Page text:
Which Sprayer is Right for You?
Use of a proper sprayer for your particular garden eliminates disposal of excess spray material and saves constant refills. This costs time and effort and tends to discourage the rosarian from practicing a proper spray program. Basically, there are four types of sprayers: Trigger, Hose-End, Compression, and Electric.
Trigger Sprayers are at the other extreme from the electric sprayers (described below). They are like a plastic commercial glass cleaner bottle with a plastic trigger handle. They are of very small capacity and limiting for use on all but the smallest jobs. They are, however, quite inexpensive and can be useful in the case of very small rose gardens or for misting of a small number of buds and blooms. It is important that a label be applied indicating its use so as not to be mixed up with other household chemicals.
Hose-End Sprayers are relatively inexpensive. They attach to the end of the garden hose and have a small jar with a dial mechanism to regulate the amount of spray material per gallon. Hose-End Sprayers deliver a lot of spray with a minimum of effort but the measuring mechanisms tend to be inaccurate and permits a wide variation in delivery of chemicals. A further disadvantage is that it is difficult, if not impossible, to spray the underside of the leaves. One must use caution in using one of these sprayers in protecting from overspray.
Compression Sprayers are pumped manually to provide air pressure for delivery of the spray material and require much less effort than Trigger Sprayers. They come in many sizes and are available with carrying straps or as a backpack. Because water is surprisingly heavy, a compression sprayer with a maximum capacity of 3-4 gallons is more practical, and one of 2-3 gallons is the most convenient size. A 1/2 gallon polypropylene sprayer is very useful for misting the buds and blooms. For larger gardens, the constant pumping can prove tiring. Choose a compression sprayer with a wide mouth to permit ease of filling.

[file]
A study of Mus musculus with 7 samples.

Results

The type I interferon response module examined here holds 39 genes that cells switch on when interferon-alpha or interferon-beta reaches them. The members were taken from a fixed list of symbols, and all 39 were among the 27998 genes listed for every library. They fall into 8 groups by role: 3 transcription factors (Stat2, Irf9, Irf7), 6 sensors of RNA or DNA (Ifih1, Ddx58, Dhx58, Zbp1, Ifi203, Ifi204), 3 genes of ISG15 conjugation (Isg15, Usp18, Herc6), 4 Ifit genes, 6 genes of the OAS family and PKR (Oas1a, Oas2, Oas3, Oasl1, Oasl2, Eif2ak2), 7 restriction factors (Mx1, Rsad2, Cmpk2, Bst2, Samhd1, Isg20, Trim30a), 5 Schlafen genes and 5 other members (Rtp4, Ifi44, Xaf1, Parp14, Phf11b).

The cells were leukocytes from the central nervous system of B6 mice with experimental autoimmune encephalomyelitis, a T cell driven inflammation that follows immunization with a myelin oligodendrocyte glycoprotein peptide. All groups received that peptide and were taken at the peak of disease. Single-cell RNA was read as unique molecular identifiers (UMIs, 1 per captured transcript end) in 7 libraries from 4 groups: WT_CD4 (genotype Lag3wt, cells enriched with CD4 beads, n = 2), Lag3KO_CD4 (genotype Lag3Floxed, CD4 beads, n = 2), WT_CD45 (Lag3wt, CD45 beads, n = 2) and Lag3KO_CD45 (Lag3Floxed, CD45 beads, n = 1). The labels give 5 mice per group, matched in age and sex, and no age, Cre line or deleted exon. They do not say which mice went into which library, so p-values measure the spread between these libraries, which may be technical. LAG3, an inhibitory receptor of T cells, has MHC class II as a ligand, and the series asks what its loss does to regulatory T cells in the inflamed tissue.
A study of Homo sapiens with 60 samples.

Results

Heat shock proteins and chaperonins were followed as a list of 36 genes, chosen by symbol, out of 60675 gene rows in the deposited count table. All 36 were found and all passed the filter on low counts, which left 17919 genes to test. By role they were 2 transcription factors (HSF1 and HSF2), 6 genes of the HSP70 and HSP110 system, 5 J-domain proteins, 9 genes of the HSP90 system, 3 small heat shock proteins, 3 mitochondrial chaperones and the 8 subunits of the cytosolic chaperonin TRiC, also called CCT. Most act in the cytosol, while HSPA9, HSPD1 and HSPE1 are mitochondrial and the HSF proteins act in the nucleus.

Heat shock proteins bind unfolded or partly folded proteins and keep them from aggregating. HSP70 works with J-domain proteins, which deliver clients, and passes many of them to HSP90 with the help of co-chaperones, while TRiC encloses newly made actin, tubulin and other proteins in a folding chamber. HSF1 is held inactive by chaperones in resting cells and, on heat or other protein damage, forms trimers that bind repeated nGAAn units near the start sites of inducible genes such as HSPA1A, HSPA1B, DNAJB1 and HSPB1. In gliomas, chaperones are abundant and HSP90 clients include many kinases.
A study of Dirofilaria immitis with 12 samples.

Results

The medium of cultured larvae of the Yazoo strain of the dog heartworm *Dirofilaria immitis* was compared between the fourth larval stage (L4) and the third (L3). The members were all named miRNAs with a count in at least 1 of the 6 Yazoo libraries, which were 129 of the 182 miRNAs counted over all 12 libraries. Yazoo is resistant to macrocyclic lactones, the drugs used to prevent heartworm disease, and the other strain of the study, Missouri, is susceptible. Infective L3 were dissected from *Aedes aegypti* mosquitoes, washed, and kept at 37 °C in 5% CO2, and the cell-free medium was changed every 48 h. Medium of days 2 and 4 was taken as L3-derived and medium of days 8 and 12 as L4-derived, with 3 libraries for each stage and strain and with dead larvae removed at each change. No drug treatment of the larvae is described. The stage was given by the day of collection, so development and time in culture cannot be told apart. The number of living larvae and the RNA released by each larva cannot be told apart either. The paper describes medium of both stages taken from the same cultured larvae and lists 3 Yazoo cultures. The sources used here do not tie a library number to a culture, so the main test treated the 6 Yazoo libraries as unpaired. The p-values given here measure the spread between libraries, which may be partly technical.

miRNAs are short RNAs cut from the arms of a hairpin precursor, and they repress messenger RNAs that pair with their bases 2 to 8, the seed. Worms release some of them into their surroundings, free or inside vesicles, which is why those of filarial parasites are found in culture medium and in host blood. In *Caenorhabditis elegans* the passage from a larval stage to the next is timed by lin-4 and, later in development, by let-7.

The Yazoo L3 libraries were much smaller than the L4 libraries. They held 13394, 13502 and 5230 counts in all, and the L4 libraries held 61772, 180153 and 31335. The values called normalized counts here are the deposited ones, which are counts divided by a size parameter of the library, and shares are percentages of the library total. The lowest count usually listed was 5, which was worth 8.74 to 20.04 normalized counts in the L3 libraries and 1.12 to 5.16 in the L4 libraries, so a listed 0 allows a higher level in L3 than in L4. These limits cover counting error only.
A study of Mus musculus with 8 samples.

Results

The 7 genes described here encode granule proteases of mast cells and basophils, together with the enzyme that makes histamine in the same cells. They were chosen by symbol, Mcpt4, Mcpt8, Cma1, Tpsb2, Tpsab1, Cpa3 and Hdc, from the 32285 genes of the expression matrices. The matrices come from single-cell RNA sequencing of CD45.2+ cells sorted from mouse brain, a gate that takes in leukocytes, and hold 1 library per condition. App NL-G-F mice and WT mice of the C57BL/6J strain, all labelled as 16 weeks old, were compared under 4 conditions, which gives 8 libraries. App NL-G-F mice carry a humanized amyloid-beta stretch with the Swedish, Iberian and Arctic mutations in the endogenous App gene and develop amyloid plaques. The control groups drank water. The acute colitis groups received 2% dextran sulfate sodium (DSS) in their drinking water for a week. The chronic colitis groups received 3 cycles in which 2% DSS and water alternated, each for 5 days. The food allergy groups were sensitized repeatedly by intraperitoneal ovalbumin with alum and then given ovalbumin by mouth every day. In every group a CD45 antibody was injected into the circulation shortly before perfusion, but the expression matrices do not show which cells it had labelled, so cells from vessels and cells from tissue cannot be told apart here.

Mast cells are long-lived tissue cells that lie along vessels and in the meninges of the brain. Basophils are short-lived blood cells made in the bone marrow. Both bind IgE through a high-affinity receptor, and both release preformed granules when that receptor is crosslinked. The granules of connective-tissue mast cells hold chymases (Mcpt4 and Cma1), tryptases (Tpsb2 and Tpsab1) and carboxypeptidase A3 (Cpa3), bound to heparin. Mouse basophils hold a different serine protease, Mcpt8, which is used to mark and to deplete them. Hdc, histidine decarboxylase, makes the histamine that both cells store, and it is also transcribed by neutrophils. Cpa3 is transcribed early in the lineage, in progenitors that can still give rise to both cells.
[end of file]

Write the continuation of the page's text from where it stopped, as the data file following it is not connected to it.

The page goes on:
Electric Sprayers are for larger gardens, and for those who wish to minimize the time and effort of spraying without sacrifice of precise control. These sprayers are the most expensive. Popular among many rosarians is the Atomist Airblast, which dispenses small spray particles and provides excellent coverage of both the tops and bottoms of the foliage. It is relatively small, holding only 1.5 gallons of spray material, but is easily refillable. Because it creates very small size particles which are easy to inhale, the user should exercise care in protection.
Also popular are electrical sprayers which have a capacity of about 12-14 gallons and have wheels. They are powered by a 12-volt rechargeable battery and produce a spray similar to a new compression sprayer. One such brand is a Spray Boss.
Robert B. Martin, Jr., ARS CR Atomist Owners Manual Spray Boss Owners Manual
[Editor's Note: Reprinted from "The Arlington Rose Review", August 1996, Joe Mirilovich, Editor.]